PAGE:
The Curious Life of Robert Hooke : The Man Who Measured London, Paperback

The Curious Life of Robert Hooke : The Man Who Measured London Paperback

5 out of 5 (1 rating)


A biography of a brilliant, largely forgotten maverick - a major figure in the 17th-century cultural and scientific revolutions.

The brilliant, largely forgotten maverick Robert Hooke was an engineer, surveyor, architect and inventor who was appointed London's Chief Surveyor after the Great Fire of 1666.

Throughout the 1670s he worked tirelessly with his intimate friend Christopher Wren to rebuild London, personally designing many notable public and private buildings, including the monument to the fire.

He was the first Curator of Experiments at the Royal Society, and author and illustrator of 'Micrographia', a lavishly illustrated volume of fascinating engravings of natural phenomena as seen under the new microscope.

He designed an early balance-spring watch, was a virtuoso performer of public anatomical dissections of animals, and kept himself going with liberal doses of cannabis and poppy water (laudanum).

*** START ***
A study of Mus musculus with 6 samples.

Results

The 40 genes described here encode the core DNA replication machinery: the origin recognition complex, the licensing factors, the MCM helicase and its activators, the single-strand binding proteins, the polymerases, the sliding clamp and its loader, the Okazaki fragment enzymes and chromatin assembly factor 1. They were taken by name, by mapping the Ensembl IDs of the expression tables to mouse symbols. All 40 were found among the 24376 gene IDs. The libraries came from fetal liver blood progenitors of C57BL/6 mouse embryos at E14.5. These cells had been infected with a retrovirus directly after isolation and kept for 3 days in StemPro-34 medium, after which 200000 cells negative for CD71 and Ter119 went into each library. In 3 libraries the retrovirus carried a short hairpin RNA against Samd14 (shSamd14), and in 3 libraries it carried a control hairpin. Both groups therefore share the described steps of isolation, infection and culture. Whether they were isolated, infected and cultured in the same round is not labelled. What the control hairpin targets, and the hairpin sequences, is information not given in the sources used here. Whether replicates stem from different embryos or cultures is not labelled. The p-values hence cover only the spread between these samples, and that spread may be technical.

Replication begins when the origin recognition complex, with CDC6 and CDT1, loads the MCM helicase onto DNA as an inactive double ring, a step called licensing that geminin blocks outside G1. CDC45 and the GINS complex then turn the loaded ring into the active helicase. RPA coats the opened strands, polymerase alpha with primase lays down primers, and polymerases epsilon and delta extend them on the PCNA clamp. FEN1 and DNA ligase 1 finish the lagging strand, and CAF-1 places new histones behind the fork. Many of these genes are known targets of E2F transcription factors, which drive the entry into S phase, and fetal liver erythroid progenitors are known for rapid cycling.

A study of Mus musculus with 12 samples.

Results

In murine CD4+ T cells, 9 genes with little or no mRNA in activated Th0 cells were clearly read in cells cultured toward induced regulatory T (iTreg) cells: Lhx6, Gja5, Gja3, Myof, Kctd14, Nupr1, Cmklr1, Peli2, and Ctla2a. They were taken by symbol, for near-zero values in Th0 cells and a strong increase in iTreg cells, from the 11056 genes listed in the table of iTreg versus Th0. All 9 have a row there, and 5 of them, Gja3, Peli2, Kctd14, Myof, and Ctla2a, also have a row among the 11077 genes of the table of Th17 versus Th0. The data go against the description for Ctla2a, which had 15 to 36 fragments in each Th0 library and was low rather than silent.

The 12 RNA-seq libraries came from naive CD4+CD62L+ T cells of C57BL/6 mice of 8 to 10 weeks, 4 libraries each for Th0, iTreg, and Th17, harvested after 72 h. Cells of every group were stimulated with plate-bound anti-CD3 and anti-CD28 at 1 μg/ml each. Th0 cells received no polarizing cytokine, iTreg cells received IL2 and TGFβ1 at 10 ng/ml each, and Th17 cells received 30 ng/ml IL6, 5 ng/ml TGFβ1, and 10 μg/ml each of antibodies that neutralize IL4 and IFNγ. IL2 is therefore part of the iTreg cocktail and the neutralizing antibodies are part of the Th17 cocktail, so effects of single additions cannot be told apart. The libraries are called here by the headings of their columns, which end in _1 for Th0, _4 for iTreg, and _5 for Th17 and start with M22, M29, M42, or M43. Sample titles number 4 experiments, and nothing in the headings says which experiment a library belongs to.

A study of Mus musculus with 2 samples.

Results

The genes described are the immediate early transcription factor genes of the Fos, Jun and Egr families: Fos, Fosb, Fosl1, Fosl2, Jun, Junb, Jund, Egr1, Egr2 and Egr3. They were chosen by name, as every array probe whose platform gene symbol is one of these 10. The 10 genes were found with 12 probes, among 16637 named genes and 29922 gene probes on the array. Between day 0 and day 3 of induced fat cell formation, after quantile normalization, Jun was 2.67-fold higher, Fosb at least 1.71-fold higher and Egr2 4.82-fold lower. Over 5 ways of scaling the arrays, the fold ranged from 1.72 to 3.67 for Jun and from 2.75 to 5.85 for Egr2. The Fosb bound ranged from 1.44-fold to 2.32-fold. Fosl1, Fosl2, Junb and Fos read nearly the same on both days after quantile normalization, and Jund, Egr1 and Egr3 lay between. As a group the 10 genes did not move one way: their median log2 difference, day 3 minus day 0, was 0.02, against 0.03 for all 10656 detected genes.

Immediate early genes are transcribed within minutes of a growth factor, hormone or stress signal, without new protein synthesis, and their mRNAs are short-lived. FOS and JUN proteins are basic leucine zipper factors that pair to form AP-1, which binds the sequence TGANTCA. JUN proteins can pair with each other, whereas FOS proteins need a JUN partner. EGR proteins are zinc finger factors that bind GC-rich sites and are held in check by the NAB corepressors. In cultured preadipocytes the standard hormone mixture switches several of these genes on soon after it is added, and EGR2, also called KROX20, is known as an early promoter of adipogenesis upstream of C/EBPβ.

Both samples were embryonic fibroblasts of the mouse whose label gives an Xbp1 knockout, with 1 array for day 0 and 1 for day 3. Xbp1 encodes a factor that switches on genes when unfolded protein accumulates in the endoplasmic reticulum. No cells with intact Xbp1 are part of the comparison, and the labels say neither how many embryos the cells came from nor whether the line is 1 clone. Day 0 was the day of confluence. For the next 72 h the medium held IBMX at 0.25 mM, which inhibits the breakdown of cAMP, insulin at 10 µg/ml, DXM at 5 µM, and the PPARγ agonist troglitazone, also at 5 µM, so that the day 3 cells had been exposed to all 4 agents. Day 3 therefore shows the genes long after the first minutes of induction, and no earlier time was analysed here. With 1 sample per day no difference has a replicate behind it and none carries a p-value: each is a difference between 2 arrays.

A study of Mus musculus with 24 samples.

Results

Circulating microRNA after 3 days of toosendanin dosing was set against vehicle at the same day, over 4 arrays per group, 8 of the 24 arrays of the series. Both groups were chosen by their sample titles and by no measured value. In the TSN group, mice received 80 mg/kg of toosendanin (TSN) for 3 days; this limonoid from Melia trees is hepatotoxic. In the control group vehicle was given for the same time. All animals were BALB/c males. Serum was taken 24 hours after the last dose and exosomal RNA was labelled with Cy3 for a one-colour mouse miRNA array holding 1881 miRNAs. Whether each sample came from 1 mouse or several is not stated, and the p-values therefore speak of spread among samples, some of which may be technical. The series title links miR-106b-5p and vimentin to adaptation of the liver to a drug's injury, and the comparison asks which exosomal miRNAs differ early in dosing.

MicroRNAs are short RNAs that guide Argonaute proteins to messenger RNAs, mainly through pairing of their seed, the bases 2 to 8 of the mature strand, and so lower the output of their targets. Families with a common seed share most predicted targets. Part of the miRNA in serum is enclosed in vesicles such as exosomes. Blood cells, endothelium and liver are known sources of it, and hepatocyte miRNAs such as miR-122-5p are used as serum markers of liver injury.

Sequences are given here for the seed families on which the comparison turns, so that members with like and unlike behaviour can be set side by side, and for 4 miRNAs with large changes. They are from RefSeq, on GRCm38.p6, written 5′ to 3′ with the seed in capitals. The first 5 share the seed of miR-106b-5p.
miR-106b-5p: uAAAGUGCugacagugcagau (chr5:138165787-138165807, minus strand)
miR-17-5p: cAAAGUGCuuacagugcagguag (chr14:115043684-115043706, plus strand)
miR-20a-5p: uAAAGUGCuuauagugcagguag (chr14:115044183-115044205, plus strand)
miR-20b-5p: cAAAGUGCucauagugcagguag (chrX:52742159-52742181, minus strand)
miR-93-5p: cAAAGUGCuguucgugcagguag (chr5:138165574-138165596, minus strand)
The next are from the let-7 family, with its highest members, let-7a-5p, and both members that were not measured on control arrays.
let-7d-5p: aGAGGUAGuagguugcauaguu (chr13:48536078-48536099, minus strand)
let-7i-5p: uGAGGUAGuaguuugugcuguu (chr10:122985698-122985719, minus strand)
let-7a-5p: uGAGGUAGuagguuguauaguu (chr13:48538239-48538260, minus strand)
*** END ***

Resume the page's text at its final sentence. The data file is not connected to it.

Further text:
Hooke's personal diaries - as cryptically confessional as anything Pepys wrote - record a life rich with melodrama.

He came to London as a fatherless boy of thirteen to seek his fortune as a painter, rising by his wits to become an intellectual celebrity. He never married, but formed a long-running illicit liaison with his niece.

A dandy, boaster, workaholic, insomniac and inveterate socialiser in London's most fashionable circles, Hooke's irascible temper and passionate idealism proved fatal for his relationships with men of influence, most notably with Sir Isaac Newton, who, after one violent row, wiped Hooke's name from the Royal Society records and destroyed his portrait.

In this lively and absorbing biography, Lisa Jardine at last does Hooke and his achievements justice.

Illuminating London's critical role in the emergence of modern science, she rediscovers and decodes a great original thinker of indefatigable curiosity and imagination, a major figure in the 17th-century intellectual and scientific revolution.